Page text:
Norris Says ‘Arrivederci FERC’ and Heads to Rome

In a series of events that could have been choreographed by the Three Stooges, John Norris yesterday resigned his seat on the Federal Energy Commission. He will become the top official representing the U.S. Department of Agriculture in Italy, thanks to his old friend and former boss, USDA secretary Tom Vilsack.

The Norris resignation has been rumored for months. He was spurned as FERC chairman when Jon Wellinghoff left and Wellinghoff’s godfather, Senate Majority Leader Harry Reid of Nevada, turned thumbs down on Norris as chairman. Reid apparently had issues with unspecified positions Norris took as head of the Iowa Utilities Board, where then-Gov. Vilsack appointed him. When Vilsack came to Washington to head USDA, he brought Norris with him as chief of staff. His wife, Jackie, was Michelle Obama’s chief of staff.

The White House named Norris to FERC in 2010 to fill a vacancy and reappointed him in 2012 for a full term ending in 2017.

Norris was reportedly appalled at how Reid, at the behest of Wellinghoff, attempted to maneuver former Colorado regulator Ron Binz into the FERC top job. When that nomination failed, Reid tried to orchestrate Norman Bay, another Wellinghoff favorite, into the slot over Cheryl LaFleur, who had been doing a fine job as the acting chair. That maneuver also failed, although a political deal was cut among Reid, the White House, and the Senate Energy Committee to get Bay onto the commission and LaFleur as formally the chairman until next April, when Bay presumably will take over.

Many regarded the whole show following Wellinghoff’s departure as tawdry, Norris apparently among them. One of my many irreverent sources now refers to FERC as the “Federal Enabling Reid Commission,” as the White House cares far more about keeping Reid happy than the functioning of an obscure but important federal regulatory agency.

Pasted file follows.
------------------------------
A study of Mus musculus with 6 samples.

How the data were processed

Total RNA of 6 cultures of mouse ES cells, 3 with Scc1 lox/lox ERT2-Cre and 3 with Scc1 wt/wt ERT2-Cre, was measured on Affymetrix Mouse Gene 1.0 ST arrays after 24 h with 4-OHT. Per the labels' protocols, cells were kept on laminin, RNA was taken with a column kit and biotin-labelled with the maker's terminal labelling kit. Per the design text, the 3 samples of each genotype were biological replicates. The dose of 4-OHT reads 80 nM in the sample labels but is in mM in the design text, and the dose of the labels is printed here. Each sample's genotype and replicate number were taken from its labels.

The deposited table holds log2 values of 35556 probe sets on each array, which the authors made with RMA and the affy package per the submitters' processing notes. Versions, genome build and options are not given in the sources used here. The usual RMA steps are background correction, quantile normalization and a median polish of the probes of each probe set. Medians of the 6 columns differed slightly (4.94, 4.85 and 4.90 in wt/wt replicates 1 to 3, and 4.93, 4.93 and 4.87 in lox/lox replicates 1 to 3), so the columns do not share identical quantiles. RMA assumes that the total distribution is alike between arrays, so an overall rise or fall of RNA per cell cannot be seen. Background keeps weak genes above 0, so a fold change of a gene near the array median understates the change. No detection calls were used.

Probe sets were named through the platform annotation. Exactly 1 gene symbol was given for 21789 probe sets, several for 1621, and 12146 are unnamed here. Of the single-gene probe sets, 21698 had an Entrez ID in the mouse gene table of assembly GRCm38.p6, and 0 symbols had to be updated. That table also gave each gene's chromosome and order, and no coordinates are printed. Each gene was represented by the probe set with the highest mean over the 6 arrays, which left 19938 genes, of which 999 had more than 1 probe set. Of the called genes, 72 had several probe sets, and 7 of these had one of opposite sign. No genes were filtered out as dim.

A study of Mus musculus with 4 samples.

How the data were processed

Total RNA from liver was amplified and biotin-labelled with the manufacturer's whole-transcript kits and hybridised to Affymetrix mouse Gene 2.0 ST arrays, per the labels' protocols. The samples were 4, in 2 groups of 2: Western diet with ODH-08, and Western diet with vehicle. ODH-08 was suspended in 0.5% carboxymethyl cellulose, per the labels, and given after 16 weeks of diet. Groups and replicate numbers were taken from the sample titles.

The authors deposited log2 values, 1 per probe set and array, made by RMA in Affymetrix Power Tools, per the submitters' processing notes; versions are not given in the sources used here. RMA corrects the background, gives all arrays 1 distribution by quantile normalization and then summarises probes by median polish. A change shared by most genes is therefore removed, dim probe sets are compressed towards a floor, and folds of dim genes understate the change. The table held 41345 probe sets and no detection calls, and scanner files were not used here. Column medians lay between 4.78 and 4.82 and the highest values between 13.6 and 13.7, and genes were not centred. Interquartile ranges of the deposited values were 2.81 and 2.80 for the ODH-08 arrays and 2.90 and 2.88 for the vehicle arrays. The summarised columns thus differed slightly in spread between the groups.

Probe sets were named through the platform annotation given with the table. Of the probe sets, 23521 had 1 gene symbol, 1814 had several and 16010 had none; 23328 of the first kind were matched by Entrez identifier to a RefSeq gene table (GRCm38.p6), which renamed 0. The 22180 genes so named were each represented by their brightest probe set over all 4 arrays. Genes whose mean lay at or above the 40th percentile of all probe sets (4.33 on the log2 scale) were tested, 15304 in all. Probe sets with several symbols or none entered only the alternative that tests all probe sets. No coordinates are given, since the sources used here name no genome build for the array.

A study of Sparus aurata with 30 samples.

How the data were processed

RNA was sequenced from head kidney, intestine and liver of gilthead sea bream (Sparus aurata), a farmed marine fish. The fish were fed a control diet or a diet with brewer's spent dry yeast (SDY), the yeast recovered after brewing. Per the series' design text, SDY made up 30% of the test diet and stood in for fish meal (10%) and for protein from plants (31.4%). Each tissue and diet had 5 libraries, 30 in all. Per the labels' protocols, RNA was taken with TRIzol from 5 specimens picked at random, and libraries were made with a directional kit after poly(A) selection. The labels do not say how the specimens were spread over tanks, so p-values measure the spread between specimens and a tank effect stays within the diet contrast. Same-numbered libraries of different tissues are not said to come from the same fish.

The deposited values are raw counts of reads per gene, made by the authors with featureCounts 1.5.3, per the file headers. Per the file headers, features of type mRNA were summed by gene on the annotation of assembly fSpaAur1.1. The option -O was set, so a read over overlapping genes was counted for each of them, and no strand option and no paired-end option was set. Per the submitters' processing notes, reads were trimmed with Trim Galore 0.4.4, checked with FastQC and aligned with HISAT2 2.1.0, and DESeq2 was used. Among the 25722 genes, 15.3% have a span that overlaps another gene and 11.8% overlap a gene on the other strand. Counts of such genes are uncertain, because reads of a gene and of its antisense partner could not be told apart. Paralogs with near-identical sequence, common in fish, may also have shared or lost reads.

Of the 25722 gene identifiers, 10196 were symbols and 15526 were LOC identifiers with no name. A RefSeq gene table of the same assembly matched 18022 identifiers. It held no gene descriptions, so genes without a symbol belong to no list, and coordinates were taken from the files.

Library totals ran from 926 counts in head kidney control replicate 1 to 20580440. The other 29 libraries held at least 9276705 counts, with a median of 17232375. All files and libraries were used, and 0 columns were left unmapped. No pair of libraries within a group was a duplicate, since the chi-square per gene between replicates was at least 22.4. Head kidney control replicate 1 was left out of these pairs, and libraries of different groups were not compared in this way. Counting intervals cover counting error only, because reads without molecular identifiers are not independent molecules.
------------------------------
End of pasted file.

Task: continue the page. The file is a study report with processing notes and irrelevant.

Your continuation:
The end game for the Norris resignation was farce. An announcement of his farewell appeared on FERC’s website early Thursday afternoon. Then it quickly vanished with no explanation. Nobody at the commission was available to explain the disappearing statement. Scuttlebutt has it that the White House was ticked off at the announcement because the administration wanted to pair the Norris resignation with a nomination of Arkansas utility regulator Colette Honorable as a replacement.

Honorable, currently president of the National Association of Regulatory Utility Commissioners, has close ties to Arkansas Democratic Sen. Mark Pryor, who is in a tough reelection race that could decide which party controls the Senate next year. Control of the Senate is close to Reid’s partisan heart. As a black woman, Honorable has symbolic value for her party in a state where African-Americans are an important voting bloc.

At the end of the afternoon, the Norris statement reappeared on the FERC website. It read: “Earlier today, I submitted my letter of resignation from the Federal Energy Regulatory Commission to President Obama. It has been a great honor to serve with all the exceptional professionals and public servants who make up the FERC family and so many dedicated energy stakeholders in the public and private sectors. I want to say a special thank you to the incredible personal staff I have had throughout my tenure on the Commission. I have a tremendous opportunity to continue in public service as the Minister-Counselor for the U.S. Department of Agriculture in Rome, Italy. My resignation will take effect on Wednesday, August 20, 2014.”

By late Thursday afternoon, after Norris had confirmed that he was leaving FERC, no announcement of a replacement was forthcoming from the White House. Stay tuned.